Once upon a time, a miller lived in a tiny Swiss town. He was a good man who was generous to everyone and always had a kind word to offer.
One day, the miller learned that his aunt had passed away. Unlike the miller, his aunt had been a miserly, greedy and suspicious woman. She had amassed a great fortune, and she never spent a single coin. She lived alone in misery all her life. The miller decided he must go to her funeral to pay his respects. He knew all the relatives would be there -- everyone would want a share of her money. He decided that if she had left him anything, he would give it to the others.
And so the miller instructed his servant to prepare his carriage and horse for an early morning departure. Then he called to his maid, Lena.
"I will leave at dawn," he said. "Please be sure my breakfast is ready."
A few hours later, Lena woke up and gasped -- the room was as bright as day, and she thought it must be morning. In truth, the room was bright because the light of the full moon reflecting upon the snowy ground poured into the room.
Downstairs, Lena sat to light the fire, but the wood was too damp and would not spark. She began to fret. She peered out the window to see if the sun was beginning to rise over the horizon, but she saw a fire blazing in the nearby meadow.
Lena pulled on her scarf and boots and ran outside to collect some of the coals from that fire. When she reached the meadow, she saw three men sitting around it. They were pale and dressed all in white, and they sat in the snow as if the cold did not trouble them at all. Lena thought they must be relatives of the miller, waiting to travel to their aunt's funeral.
She smiled and asked, timidly, "Might I take a few of your coals to light a fire for the miller?"
The three men said nothing and did not move. They did not even blink.
Lena thought they hadn't heard her; the wind was strong. She carefully reached in, and with her gloved hands, picked up a few of the burning coals.
"This is for the miller's breakfast," she repeated and hurried back to the house.
She poured the coals onto the hearth, but the moment they touched the wood, they turned cold. Lena was puzzled, but she had to start a fire; she hurried back to the men, this time carrying a pot. Once again, she reached in for some coals, and, once again, the coals turned cold back at home.
Just then, poor Lena heard the floorboards above her creaking. Certain that the miller was awake, she raced once more out to the fire. This time she carried a shovel.
She dug up dozens of coals and whispered, "Thank you."
Just as she turned back to the house, one of the men said, "You have taken enough." Lena looked into his pale eyes and trembled with fear. She ran back to the house as fast as she could and poured the coals onto the hearth.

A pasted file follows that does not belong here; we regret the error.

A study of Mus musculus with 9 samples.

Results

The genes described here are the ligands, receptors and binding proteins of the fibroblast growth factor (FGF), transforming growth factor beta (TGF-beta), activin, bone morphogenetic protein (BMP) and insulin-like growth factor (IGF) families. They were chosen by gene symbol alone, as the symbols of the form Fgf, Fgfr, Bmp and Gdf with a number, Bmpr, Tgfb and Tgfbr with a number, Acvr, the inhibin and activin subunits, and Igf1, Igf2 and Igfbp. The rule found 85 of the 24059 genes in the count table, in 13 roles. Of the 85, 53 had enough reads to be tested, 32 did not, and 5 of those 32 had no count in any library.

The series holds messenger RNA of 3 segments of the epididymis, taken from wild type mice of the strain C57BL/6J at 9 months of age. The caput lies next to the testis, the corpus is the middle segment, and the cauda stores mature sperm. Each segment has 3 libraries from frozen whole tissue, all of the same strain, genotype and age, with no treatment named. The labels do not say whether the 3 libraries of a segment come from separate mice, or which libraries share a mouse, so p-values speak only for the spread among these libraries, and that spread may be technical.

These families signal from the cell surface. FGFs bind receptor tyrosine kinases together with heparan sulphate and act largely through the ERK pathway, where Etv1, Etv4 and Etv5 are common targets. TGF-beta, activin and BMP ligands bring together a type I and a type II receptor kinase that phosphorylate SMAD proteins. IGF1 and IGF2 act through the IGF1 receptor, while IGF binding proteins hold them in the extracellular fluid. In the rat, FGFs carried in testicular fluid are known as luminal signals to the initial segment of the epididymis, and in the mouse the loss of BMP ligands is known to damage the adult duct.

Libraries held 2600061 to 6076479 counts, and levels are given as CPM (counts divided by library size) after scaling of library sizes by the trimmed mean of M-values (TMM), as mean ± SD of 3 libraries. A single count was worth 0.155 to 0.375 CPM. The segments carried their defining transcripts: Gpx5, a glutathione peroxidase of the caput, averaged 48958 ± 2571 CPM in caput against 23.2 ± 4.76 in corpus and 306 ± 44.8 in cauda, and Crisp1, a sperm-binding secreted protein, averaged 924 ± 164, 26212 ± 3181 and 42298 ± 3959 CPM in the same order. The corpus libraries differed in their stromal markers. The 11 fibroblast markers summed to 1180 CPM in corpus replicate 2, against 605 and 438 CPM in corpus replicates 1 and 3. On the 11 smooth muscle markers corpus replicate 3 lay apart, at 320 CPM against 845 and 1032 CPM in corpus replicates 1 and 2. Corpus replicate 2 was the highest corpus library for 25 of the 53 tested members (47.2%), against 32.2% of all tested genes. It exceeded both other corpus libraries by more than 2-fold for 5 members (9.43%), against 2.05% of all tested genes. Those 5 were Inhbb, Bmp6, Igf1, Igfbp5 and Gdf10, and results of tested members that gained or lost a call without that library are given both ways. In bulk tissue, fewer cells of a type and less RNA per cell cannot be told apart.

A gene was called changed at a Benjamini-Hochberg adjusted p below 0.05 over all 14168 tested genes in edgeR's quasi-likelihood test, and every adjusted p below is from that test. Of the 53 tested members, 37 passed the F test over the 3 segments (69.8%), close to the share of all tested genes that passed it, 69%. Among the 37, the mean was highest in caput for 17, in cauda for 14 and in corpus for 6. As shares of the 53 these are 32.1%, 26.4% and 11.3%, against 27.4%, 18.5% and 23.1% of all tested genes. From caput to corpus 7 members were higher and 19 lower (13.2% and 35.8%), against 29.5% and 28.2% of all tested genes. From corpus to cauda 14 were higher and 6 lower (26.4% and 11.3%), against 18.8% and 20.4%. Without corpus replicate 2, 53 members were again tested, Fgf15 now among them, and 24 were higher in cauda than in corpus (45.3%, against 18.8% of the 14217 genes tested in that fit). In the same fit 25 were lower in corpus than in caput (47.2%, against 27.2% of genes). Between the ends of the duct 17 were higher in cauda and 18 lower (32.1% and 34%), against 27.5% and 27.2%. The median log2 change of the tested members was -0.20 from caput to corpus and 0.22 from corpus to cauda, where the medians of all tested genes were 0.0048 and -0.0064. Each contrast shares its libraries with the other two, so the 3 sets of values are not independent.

Again, she had no luck. These, too, turned cold.
Just at that moment, the clock struck midnight. Lena could not believe her ears.
"It's so early," she said, sighing with relief.
But as she began to walk upstairs, Lena heard a thunderous noise rumbling through the house. When she reached her room, she looked out the window. To her astonishment, the fire and the men had vanished.
This terrified the poor girl, so she dived into her bed and hid herself under her blankets. Within moments, she fell into a deep, dreamless sleep.
At dawn, the miller walked downstairs. He found no breakfast and no Lena. He walked to the hearth to see if she had prepared his porridge and had gone to sleep again, but when he looked into the hearth, he saw layers of gold coins there.
This was more gold than he had ever imagined _ more gold than he would have ever inherited from his greedy aunt. It was more gold than he could have earned working all his life. He picked up the coins and rolled them through his fingers. He smiled.
He called upstairs: "Wake up, Lena! Come downstairs at once!"
Through her sleep, Lena heard the miller calling. Alarmed, she opened her eyes and saw that she had slept too late. She hurried downstairs.
"I'm so very sorry!" She stopped when she saw the gold.
"Lena," the miller demanded, "what happened to the fire? Did you make the porridge this morning?"
Lena looked down and shook her head. "I am so sorry, sir, it was a strange night," and she told him everything that had happened.
"Very well," the miller said. "You are obviously supposed to share this gold with me."
And so he divided the gold, giving half of it to Lena and keeping half of it for himself. But he shared his half with all his servants, employees, relatives and friends. He understood that generosity brings with it rewards.